The problem of "plot holes" has become so acute that Slate has commissioned a screenwriter to write a column entirely devoted to the narrative logic of films, or their lack thereof. "Aesthetic judgments will continue to be rendered by our regular film critic," they reassure us. The division of labour is an intriguing one. Is narrative analysis merely a sort of public sub-editing? Or is it that contemporary film critics are thought to have altogether lost the plot?
The final straw seems to have been The Fifth Element, whose reported incoherence almost turned into a selling point. Its directorial foibles prompted Suck, Slate's fellow e-zine, to diagnose "Luc Besson's Disease", the symptoms of which included "persistent, yet mostly meaningless, intertextual commentary and a strong penchant for random pastiche".
We're all stricken, Suck claims, by an obsession with "connectedness" for its own sake. But perhaps it's closer to the truth to say that people have drifted away from narrative. They channel-hop on television, and from site to site on the Web. The idea of "connectedness" may be little more than a token substitute for the old idea that narrative makes experiences make sense.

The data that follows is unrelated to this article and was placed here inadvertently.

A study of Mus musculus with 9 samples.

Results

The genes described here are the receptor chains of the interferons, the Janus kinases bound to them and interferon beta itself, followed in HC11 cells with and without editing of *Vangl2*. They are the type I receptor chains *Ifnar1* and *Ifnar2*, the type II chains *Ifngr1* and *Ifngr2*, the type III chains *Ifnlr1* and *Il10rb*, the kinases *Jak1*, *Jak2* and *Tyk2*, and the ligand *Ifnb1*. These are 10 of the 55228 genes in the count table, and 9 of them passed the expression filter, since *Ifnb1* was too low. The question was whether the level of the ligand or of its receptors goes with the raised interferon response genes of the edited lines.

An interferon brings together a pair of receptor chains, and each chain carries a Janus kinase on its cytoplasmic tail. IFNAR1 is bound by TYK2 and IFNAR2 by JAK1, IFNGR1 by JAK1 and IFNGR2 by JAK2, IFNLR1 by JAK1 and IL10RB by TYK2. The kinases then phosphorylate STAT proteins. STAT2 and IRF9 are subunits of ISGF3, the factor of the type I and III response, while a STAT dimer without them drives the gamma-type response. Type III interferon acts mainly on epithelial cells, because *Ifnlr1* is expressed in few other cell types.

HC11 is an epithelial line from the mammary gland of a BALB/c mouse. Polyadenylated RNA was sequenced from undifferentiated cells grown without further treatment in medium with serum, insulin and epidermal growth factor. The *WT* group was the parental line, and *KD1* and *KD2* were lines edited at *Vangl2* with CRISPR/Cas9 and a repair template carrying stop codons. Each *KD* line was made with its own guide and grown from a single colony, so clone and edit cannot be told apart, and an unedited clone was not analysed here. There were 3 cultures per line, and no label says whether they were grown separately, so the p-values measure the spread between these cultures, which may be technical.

If readers are so easily distracted, though, it seems like a gross strategic error to present your argument in the form of a hypertext, with opportunities to click off into a different site every few lines. The link from the word "semiotics" to a page called "Semiotics for Beginners" is one thing. But another one, leading to "What's Expected Of Seinfeld: The Aesthetic Reception Of A Situation Comedy" is something else. It fails to answer the big questions about the show: why the supporting cast demanded $1m per episode for the next series, why the actress who plays Elaine doesn't get her wages docked for gratuitous hand-gestures, and why it isn't called Kramer or Costanza. One is tempted to follow the trail of links to less theoretical Seinfeld sites.
Back at the text, there's an obvious booby-trap in the form of a photo of naked women. Sure enough, it leads to an art site inspired by the psychoanalyst Jacques Lacan. "Meaningless, intertextual commentary" links to another art project called "Placing". This features a catalogue of consumer items, and claims to be about how people "make meaning and significance of the multiple interdependencies between themselves, others, and name-brand products".
Web-writing doesn't usually lose itself in such follies, but it does often fall victim to the temptation of linking texts instead of discussing them. It's a lot quicker to put in a link to somebody else's site than to precis their views, and it saves space on one's own pages. But that can be a false economy, if it induces the readers to make digressions of their own. Slate and Suck both have genuine cultural bones to pick. Unfortunately, only one of them realises that the way forward is a straight line.